Rabbi Zvi Sobolofsky
Rabbi Zvi Sobolofsky

After Krias Yam Suf - Where Do We Go From Here?

Immediately following krias yam suf (the splitting of the Red Sea) the Jewish people became frustrated because they lacked water in the desert. The water they did find was bitter and not drinkable until G-d instructed Moshe to throw wood in the water to sweeten it. Chazal interpret this lack of water in a spiritual sense as well as a physical sense. The Torah tells us that the Jewish people traveled three days without water after leaving Yam Suf (the Red Sea). Chazal understand this to mean that the Jews went three days without Torah – the spiritual "water" – and this caused them to complain against G-d. To prevent three days from passing without Torah, Chazal instituted krias HaTorah on Monday, Thursday, and Shabbos.

This symbolic understanding of the story seems dificult. The Jewish people are criticized for traveling three days without Torah, however at this time they had not yet received the Torah! Furthermore, it is difficult to understand the meaning of the aforementioned "bitter water" if we interpret this story in a symbolic sense.

The Kli Yakar offers an insight into the symbolic meaning of the events surrounding the bitter water. The Jewish people, having experienced krias Yam Suf, just witnessed the climax of Yetsias Mitzraim, whose ultimate purpose, as they knew, was to receive the Torah at Mount Sinai. The correct response to Krias Yam Suf was an eager desire to get to Mount Sinai. Yet,we find the exact opposite occurred. Chazal tell us that Moshe had to drag the Jewish people away from the riches of the Egyptians that floated to the shore of the Yam Suf. Even when they finally began their journey away from Yam Suf, they traveled slowly without anticipation. They were criticized for going three days without Torah because they should have begged G-d to give them the Torah immediately. They couldn't be punished for not learning Torah yet since they had not yet received it,but they could be rebuked for not asking to receive it sooner.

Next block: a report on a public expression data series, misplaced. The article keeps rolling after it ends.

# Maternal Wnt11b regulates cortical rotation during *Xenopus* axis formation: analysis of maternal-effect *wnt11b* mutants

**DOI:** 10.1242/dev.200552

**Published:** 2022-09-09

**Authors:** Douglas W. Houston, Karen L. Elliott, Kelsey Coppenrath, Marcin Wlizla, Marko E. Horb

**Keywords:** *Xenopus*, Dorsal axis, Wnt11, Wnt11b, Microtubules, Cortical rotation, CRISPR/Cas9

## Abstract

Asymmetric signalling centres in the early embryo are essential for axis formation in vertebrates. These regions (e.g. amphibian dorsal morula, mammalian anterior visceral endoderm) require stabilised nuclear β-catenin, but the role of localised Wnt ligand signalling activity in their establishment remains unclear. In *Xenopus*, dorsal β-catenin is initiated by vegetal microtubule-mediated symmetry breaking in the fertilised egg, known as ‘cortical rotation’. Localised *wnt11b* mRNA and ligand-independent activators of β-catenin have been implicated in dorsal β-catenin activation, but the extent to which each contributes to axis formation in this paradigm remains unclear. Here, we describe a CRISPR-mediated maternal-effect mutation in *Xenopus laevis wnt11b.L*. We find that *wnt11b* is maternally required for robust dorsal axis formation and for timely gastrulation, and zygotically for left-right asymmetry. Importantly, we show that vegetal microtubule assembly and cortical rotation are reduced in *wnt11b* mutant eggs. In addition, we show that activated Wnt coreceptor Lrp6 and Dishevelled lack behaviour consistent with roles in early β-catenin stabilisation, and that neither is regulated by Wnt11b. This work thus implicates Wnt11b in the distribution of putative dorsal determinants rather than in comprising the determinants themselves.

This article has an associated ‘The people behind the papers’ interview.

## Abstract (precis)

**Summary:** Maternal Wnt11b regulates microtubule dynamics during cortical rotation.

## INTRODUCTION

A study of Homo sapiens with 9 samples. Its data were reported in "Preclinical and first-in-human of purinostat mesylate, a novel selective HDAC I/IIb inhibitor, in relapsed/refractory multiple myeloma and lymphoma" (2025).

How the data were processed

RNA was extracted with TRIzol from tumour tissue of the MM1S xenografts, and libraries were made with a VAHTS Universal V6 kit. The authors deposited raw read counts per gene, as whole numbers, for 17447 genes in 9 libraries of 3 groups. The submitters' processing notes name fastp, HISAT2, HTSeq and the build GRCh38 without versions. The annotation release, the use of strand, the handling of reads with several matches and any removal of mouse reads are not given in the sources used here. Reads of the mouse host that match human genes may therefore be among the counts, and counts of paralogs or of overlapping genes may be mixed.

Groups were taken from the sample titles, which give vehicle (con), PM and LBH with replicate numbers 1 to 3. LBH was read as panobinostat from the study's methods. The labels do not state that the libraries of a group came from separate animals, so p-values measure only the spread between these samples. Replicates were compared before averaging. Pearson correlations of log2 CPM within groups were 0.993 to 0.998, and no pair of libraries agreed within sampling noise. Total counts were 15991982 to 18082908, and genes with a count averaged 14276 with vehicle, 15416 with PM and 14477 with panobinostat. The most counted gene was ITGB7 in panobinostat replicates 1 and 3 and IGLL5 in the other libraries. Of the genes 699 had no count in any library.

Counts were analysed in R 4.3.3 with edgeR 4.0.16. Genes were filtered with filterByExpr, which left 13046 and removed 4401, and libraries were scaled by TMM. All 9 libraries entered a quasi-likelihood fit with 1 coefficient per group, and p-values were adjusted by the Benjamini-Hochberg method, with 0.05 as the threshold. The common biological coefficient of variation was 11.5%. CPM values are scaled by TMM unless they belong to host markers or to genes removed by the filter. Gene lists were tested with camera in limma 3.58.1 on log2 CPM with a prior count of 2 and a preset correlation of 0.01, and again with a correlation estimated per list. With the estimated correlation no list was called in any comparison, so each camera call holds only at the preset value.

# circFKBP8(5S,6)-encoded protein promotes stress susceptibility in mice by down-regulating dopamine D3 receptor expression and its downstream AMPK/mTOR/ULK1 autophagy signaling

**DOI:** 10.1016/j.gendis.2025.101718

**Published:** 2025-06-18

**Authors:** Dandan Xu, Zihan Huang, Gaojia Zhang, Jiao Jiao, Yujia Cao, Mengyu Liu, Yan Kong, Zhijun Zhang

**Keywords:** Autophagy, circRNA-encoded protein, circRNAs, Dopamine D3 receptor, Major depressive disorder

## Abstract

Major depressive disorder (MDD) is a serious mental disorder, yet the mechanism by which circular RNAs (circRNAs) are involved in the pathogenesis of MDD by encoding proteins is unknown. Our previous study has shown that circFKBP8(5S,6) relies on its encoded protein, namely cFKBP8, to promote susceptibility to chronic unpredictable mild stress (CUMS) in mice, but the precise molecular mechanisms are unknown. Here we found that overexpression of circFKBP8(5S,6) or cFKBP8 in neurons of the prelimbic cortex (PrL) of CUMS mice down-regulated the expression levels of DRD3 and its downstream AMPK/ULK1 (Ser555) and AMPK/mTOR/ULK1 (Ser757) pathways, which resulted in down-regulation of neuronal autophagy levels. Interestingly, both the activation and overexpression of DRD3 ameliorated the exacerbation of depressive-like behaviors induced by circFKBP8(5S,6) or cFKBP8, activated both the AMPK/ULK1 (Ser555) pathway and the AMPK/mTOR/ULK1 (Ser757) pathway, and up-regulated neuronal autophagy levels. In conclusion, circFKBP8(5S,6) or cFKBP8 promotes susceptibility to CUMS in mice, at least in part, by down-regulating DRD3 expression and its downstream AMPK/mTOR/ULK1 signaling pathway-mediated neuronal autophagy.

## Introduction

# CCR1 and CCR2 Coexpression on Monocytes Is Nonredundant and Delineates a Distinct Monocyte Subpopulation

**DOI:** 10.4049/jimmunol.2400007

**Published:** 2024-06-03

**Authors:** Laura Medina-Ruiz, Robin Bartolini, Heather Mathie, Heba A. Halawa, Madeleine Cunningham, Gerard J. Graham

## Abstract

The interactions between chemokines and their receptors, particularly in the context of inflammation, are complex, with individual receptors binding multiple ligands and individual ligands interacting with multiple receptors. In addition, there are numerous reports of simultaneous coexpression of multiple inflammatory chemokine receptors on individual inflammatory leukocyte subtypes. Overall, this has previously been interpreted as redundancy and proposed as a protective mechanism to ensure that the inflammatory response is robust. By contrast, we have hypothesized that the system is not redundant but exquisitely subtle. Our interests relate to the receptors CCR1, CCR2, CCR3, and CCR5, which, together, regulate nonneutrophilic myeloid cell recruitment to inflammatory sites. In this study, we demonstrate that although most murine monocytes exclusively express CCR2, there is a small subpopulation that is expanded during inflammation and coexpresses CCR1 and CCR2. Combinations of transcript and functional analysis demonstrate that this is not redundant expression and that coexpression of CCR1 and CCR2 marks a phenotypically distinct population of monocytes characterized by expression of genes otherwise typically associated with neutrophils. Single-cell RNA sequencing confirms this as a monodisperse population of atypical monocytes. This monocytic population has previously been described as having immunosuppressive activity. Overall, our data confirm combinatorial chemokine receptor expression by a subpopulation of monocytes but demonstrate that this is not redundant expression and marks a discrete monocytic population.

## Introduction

What caused this delay in the receiving of the Torah? The Kli Yakar explains that the fear of something new overcame the Jewish people. All beginnings are hard, and this trepidation to begin something new prevented them from running to Mount Sinai. They viewed the Torah as something difficult which would be bitter, and therefore delyaed their trip to Mount Sinai.

Moshe was instructed to show them that although the Torah may appear difficult at first, perhaps even bitter, it will turn sweet as soon as one accepts it.

This lesson of the events following Krias Yam Suf speaks to each of us. As Pesach somes to and end and each of us has experienced Yetsias Mitsraim and Krias Yam Suf another year, hiw do we approach the Yom Tov of Shavuos? Do we delay in our commitment to life of Torah and Mitzvot because we are afraid it will be too hard, or do we get ready to approach Shavuous and Kabbolas HaTorah with enthusiasm? This is the challenge for each of us as Pesach draws to a close.